Chinese President Xi Jinping has been driving a sweeping crackdown on deep-rooted graft since taking over the party's leadership in late 2012. Since then dozens of senior officials have been investigated or jailed.

Tales of corruption and officials' high living, including extravagant banquets and expensive rounds on golf courses, have stirred widespread public anger because bureaucrats are meant to live on modest sums and lead morally exemplary lives.

The new rules update existing regulations and are designed to codify more clearly what constitutes a violation of discipline, the official Xinhua news agency said late on Wednesday. They apply to all 88 million party members for the first time, and also include a new ethical code.

"Party members must separate public and private interests, put the public's interest first, and work selflessly," the Xinhua report said. Party members must also "champion simplicity and guard against extravagance".

"The new discipline regulation explicitly lists extravagant eating and drinking and playing golf as violations, which were not included previously," it said.

Explaining the new rules and underscoring golf's negative image, the party's corruption watchdog said on Thursday that golf was a game enjoyed by a former police chief who engaged in "massive" bribery. A vice mayor in a southeastern Chinese city was sacked this month for belonging to a golf club and playing the game when he should have been working.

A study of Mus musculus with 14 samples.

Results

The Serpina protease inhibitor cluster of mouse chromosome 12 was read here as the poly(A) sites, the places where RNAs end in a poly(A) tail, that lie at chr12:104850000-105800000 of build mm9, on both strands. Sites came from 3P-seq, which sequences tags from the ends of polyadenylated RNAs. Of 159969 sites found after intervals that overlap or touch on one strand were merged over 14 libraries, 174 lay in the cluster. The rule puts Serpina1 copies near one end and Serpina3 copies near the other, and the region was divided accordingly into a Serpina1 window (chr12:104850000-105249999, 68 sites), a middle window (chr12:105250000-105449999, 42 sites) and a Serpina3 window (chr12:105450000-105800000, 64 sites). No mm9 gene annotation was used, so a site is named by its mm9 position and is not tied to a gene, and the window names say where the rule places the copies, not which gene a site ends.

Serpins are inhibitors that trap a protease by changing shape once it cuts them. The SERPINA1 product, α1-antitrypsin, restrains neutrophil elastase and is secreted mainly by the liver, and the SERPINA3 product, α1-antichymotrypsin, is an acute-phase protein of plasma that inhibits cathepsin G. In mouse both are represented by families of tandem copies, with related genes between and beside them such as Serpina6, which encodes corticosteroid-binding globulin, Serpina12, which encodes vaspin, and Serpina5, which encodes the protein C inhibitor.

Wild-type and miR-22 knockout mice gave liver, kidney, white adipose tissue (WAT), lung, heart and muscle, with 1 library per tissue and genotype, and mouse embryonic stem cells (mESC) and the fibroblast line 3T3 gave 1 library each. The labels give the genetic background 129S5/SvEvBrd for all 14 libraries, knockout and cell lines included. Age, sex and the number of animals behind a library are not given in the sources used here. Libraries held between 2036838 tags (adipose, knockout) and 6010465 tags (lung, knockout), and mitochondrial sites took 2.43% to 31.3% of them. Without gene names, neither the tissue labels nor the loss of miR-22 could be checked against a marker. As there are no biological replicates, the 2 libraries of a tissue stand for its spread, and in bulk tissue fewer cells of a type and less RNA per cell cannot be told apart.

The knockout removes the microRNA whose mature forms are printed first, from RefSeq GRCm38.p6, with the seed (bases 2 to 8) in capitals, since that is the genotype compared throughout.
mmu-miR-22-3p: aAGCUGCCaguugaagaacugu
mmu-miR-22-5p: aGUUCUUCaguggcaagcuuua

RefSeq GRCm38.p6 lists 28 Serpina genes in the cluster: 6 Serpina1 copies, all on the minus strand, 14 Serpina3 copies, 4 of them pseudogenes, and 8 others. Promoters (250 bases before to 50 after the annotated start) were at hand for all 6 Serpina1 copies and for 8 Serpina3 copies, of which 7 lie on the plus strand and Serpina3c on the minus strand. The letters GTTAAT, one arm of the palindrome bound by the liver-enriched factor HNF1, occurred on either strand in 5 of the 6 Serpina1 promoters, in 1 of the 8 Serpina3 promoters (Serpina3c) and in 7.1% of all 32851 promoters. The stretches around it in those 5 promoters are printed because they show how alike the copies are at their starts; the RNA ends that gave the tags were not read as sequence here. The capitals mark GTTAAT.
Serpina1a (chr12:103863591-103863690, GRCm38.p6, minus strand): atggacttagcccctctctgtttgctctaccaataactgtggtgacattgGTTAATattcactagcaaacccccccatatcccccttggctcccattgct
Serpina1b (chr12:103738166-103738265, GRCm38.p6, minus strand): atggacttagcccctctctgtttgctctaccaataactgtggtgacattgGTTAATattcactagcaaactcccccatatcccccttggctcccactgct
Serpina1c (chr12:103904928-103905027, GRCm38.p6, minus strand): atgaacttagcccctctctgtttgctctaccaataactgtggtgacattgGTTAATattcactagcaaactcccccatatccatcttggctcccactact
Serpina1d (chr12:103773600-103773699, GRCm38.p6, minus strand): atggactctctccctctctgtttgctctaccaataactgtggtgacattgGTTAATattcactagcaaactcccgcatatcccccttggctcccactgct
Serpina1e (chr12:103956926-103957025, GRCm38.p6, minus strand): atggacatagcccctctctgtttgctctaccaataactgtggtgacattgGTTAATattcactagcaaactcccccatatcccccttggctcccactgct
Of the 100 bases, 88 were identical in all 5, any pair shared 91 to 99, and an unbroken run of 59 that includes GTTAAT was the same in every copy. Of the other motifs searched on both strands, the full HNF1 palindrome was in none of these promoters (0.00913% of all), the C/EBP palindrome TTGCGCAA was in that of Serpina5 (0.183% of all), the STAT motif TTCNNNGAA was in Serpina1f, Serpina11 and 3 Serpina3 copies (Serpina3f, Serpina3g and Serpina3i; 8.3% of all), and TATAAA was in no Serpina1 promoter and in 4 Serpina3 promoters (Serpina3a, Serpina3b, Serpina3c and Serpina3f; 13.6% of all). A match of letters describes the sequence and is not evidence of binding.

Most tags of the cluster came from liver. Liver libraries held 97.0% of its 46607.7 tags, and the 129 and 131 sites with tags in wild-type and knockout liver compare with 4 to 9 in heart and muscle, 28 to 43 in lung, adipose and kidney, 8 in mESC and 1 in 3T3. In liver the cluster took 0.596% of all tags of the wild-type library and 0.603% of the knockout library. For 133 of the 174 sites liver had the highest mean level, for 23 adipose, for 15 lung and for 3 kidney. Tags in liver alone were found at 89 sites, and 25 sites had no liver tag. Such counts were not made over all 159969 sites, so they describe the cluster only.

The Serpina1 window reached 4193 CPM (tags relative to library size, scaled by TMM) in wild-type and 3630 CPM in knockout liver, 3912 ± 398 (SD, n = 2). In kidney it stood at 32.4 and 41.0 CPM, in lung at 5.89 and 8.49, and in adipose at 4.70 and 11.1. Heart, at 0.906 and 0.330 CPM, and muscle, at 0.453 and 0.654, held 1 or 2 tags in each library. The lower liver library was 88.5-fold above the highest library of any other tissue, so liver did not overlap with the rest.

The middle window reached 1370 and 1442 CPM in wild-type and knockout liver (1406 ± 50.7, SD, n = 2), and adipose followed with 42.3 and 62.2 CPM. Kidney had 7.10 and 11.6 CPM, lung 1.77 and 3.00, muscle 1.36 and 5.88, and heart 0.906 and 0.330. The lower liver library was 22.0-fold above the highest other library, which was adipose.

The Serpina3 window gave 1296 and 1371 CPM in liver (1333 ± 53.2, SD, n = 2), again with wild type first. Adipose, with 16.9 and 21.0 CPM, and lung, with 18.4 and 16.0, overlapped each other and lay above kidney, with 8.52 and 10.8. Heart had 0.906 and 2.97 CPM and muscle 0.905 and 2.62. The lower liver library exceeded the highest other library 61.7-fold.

The new rules are a blow to China's nascent market for golf, which is often seen as providing an opportunity for officials to make shady deals and an extravagance for government employees.

"In other countries golf is more about the sport, here it's about the social interaction. If a company boss can't play with a government official, there's little point in him spending his money," said the owner of a golf equipment store in Shanghai who only gave his surname as Huang.

Huang said his store's sales had dropped 30-40 percent last year. "This year, things are even more dismal. With our regular revenues we can no longer make ends meet." Party officials who play golf have already been targeted by Xi's crackdown. Last year, the government began more rigorously enforcing a decade-old ban on building new courses. In March this year, it shut down 66 golf courses.

There were more than 500 golf courses in China in 2013, according to state media reports, with up to 400,000 regular players. Clubs such as Wolong Lake and Nine Dragons host PGA Tour matches. Golf in China has also been seen as a possible growth area for foreign firms.